Tuesday, December 20, 2011

The Viking Project; Figure Painting Techniques

     There are times when I really enjoy painting minis and other times when it is simply a chore (it can switch from one to the other in mid-stride, so mayhap it is that I am bi-polar and painting is just painting). Certain things are more likely to make it a chore; such as painting forty figures with brown trousers and red jackets. Conversely when I am looking at dozens (or hundreds) of figures that are dressed in an irregular manner I am often at a loss as to how to organize the work. Too organized and it may as well be uniforms, too chaotic and it looks as if the troops escaped from Cirque du Soleil (as well as being dreadfully slow to paint). If I try to paint figures one at a time I find that I have gotten a dozen or so finished and a month has passed. 

     I need discipline, I need structure, I need A METHOD! Fortunately I seem to have found one (that works for me) I call it the Five-by-Five. I can't seem to work on fewer figures without treating them as individual projects; much more and I find it intimidating and I just give up. Twenty five figures is just right for me, the beauty of this system is that you can scale it up or down to suit your style. The central premise is that you will organize your models into five groups of five figures in a pattern of (you guessed it) five x five as depicted in the diagram below. Each circle represents a figure , the upper half the tunic, the lower half the trousers. The small circles are the paint colors chosen.


      You now choose five colors for the largest garment the figures are wearing (in the example above that would be the shirt), you arrange these along the vertical side of the grouped figures. Then you choose five more roughly complimentary colors for the second largest item of clothing (the trousers), you arrange these along the lower edge of the formation. You proceed to paint across, and then up the rows of figures. This will give you variety without total chaos as there will be several figures with similar looks but not the same. From time to time you find that one or more of the color combinations produce tragic results, feel free to substitute white or black to avoid eye-jarring combinations like purple and yellow.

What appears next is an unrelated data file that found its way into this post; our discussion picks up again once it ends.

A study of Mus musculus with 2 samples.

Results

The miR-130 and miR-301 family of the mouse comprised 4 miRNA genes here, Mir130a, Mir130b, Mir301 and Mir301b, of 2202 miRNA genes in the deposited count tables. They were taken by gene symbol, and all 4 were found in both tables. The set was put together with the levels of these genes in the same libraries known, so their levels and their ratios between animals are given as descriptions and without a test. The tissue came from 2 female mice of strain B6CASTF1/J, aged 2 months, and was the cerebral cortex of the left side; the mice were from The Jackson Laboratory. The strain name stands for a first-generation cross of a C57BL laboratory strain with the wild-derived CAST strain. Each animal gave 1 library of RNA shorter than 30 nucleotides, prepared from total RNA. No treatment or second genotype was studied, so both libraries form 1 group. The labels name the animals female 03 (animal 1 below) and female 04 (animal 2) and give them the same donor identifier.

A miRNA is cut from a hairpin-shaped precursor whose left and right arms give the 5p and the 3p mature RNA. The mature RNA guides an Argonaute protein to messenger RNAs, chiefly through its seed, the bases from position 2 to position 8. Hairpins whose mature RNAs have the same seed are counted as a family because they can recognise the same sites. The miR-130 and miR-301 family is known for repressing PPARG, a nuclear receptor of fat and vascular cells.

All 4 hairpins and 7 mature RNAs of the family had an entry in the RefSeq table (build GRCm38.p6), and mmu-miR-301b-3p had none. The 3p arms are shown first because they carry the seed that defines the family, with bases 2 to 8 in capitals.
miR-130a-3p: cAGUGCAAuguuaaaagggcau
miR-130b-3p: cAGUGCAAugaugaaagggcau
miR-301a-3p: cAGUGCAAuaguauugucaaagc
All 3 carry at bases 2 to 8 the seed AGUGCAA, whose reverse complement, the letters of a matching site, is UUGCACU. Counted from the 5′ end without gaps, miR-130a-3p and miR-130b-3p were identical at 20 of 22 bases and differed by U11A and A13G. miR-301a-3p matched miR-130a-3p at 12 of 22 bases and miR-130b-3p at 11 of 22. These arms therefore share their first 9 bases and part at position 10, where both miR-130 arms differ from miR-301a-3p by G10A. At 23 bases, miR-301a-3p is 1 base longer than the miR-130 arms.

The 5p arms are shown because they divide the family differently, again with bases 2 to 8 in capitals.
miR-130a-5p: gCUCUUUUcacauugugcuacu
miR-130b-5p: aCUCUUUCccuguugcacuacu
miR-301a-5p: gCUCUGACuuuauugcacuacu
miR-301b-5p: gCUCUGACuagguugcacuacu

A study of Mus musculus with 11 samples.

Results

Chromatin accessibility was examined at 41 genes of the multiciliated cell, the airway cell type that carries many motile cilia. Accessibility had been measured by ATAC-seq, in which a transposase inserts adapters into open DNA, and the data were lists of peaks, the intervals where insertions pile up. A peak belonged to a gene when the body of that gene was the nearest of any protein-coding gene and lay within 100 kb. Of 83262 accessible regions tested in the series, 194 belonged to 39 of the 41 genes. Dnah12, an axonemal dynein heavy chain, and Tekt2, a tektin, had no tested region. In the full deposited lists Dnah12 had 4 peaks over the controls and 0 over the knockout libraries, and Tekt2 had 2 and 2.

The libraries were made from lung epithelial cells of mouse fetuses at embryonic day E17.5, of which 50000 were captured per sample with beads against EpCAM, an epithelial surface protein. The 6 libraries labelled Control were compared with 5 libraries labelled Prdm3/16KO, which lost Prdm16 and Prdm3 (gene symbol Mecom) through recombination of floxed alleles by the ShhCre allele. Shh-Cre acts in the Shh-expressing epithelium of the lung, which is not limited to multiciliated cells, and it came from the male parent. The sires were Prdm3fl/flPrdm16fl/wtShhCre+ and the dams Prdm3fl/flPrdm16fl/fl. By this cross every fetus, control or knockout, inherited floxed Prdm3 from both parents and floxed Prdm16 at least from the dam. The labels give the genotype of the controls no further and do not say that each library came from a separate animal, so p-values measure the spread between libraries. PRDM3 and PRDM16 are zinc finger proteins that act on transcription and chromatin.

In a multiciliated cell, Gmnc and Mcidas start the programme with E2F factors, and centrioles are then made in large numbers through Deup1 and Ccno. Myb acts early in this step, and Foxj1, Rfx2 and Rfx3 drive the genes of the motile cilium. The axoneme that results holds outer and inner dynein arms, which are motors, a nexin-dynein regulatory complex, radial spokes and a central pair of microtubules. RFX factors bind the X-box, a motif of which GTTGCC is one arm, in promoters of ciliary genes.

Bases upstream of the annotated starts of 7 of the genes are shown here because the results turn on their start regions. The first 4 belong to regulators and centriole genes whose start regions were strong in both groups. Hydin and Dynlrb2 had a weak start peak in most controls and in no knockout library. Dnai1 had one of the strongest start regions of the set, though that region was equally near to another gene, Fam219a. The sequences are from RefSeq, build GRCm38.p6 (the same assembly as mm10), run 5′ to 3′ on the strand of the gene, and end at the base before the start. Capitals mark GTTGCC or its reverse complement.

I can usually get all twenty-five figures done in an hour or so of painting and then I can move on to details and metals. I almost always paint the flesh first and then move to this method. To get a more unified look try having only three rows for the trousers and seven rows for the tunic and use similar colors for the tunic, I have used this method for painting troops that wear uniforms but who have been on campaign for some time and have undertaken "field repairs". See below, this would be a pattern that I might use for long-serving British troops in the Peninsula in about 1811 or so. Fairly uniform, but not the same. 

     I hope that you find this useful, anyone else with ideas/methods that help speed the painting process give me an e-mail at daftrica89 at yahoo dot com and I will add your suggestions to the blogs. And no, you can't suggest farming the work out to Malaysia because that is not a painting technique. 

     I will warrant that it is a good way to get a lot of figures done quickly and at a reasonable price. But it is not a painting technique.


  1. 1. Drop them in a bucket of the shiniest you can find.

    2. Let sit over night.

    3. Remove figures from bucket.

    4. Let air dry.

    5. Enjoy.

  2. going to try this on my confederates.

  3. I actually developed this method a long time ago when I was doing commercial work and got a big ACW Confederates job. There are an amazing number of shades of gray and butternut when you start to look around.